It's a legitimate question, given its latest quarterly results. Given the current geopolitical situation and the additional orders generated by the war in Ukraine, one might have expected better.

As a result, growth remained very modest over the first nine months of the year. It was even zero, or even negative if we adjust sales trends for inflation. Operating profit fell slightly, while cash profit distributable to shareholders reached $4.6 billion, compared with $4.9 billion at the same time last year.

However, the order book is full - reaching a record $156 billion - and still well distributed. The world's leading defense group does more than just serve Uncle Sam: it also equips NATO as a whole, whose organization is expanding and whose members are increasingly developing their integration capabilities.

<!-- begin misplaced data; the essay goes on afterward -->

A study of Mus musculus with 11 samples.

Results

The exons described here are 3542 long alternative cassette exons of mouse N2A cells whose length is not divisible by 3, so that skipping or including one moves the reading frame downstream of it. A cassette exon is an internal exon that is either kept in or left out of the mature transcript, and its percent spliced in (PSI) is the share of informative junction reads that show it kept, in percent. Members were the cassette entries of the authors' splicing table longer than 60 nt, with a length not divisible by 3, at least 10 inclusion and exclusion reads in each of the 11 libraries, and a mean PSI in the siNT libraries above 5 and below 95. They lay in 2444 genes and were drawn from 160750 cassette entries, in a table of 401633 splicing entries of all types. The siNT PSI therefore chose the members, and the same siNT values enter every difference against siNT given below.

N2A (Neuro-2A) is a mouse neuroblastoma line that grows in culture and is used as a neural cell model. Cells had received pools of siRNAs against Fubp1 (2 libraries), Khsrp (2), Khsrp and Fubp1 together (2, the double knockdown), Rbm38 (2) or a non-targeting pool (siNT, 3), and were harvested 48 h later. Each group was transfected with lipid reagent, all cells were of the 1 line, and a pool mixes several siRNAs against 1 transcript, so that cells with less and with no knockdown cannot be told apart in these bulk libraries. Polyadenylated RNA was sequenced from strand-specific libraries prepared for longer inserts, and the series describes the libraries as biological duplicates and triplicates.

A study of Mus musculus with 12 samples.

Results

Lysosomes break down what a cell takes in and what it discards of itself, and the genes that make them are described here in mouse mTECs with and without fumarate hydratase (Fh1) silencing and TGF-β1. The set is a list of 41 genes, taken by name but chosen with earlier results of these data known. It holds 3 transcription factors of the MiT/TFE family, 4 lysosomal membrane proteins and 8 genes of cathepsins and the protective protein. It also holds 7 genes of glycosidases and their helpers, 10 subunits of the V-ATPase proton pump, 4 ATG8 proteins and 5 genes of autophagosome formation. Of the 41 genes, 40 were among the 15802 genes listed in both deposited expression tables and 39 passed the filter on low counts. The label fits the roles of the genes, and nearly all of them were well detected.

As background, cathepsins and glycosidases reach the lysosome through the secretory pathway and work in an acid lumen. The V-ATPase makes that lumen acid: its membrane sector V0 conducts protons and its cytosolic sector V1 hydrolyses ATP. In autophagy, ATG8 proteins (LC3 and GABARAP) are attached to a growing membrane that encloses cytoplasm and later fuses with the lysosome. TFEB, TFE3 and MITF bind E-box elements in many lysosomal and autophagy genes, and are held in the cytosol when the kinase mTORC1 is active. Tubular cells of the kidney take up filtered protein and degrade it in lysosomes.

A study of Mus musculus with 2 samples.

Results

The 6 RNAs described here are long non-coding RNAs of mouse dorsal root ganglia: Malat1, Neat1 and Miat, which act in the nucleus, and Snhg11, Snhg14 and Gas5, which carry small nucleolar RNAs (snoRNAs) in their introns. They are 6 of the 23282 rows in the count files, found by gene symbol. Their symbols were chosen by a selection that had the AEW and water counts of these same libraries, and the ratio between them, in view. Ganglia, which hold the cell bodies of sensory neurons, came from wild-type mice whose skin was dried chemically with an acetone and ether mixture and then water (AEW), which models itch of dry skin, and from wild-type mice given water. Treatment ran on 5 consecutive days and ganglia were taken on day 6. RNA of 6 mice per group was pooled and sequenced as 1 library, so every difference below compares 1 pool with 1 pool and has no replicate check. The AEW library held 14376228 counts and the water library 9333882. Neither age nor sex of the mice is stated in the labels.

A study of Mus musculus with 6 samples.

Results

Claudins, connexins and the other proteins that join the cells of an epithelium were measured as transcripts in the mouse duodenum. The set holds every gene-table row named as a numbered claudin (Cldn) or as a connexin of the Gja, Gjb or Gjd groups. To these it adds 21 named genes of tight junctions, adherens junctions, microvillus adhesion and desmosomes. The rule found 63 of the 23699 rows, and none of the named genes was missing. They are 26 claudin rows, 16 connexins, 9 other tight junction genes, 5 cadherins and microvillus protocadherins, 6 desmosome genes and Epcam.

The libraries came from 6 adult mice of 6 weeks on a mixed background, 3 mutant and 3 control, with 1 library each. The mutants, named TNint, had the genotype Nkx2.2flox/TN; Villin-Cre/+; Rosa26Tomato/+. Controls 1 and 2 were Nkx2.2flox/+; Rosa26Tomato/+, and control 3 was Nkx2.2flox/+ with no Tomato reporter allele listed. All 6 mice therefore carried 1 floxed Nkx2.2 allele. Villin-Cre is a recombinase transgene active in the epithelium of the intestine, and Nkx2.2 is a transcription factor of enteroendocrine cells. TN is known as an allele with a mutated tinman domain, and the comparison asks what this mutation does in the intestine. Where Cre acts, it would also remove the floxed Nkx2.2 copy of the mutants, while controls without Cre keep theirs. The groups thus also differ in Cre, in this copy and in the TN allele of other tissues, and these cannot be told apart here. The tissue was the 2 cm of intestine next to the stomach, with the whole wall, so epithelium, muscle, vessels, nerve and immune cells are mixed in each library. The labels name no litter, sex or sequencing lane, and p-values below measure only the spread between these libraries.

As usual with Lockheed, all cash profits are returned to shareholders in the form of dividends and share buy-backs. There is virtually no net debt on the balance sheet, and targets for the year are confirmed, with free cash flow expected to reach $6.2 billion. This level has been stagnant for five years.

It's true that business over the last decade has been buoyed by the deluge of orders for the F-35. It will certainly not be easy to repeat the feat in the coming cycle: in this respect, the current valuation is hovering around x20 distributable profit to shareholders - a sign that the market is well aware of this slowdown in growth.

By valuing Lockheed at a free cash flow yield of 5%, it puts the Group's shares on an equal footing with ten-year Treasury bonds.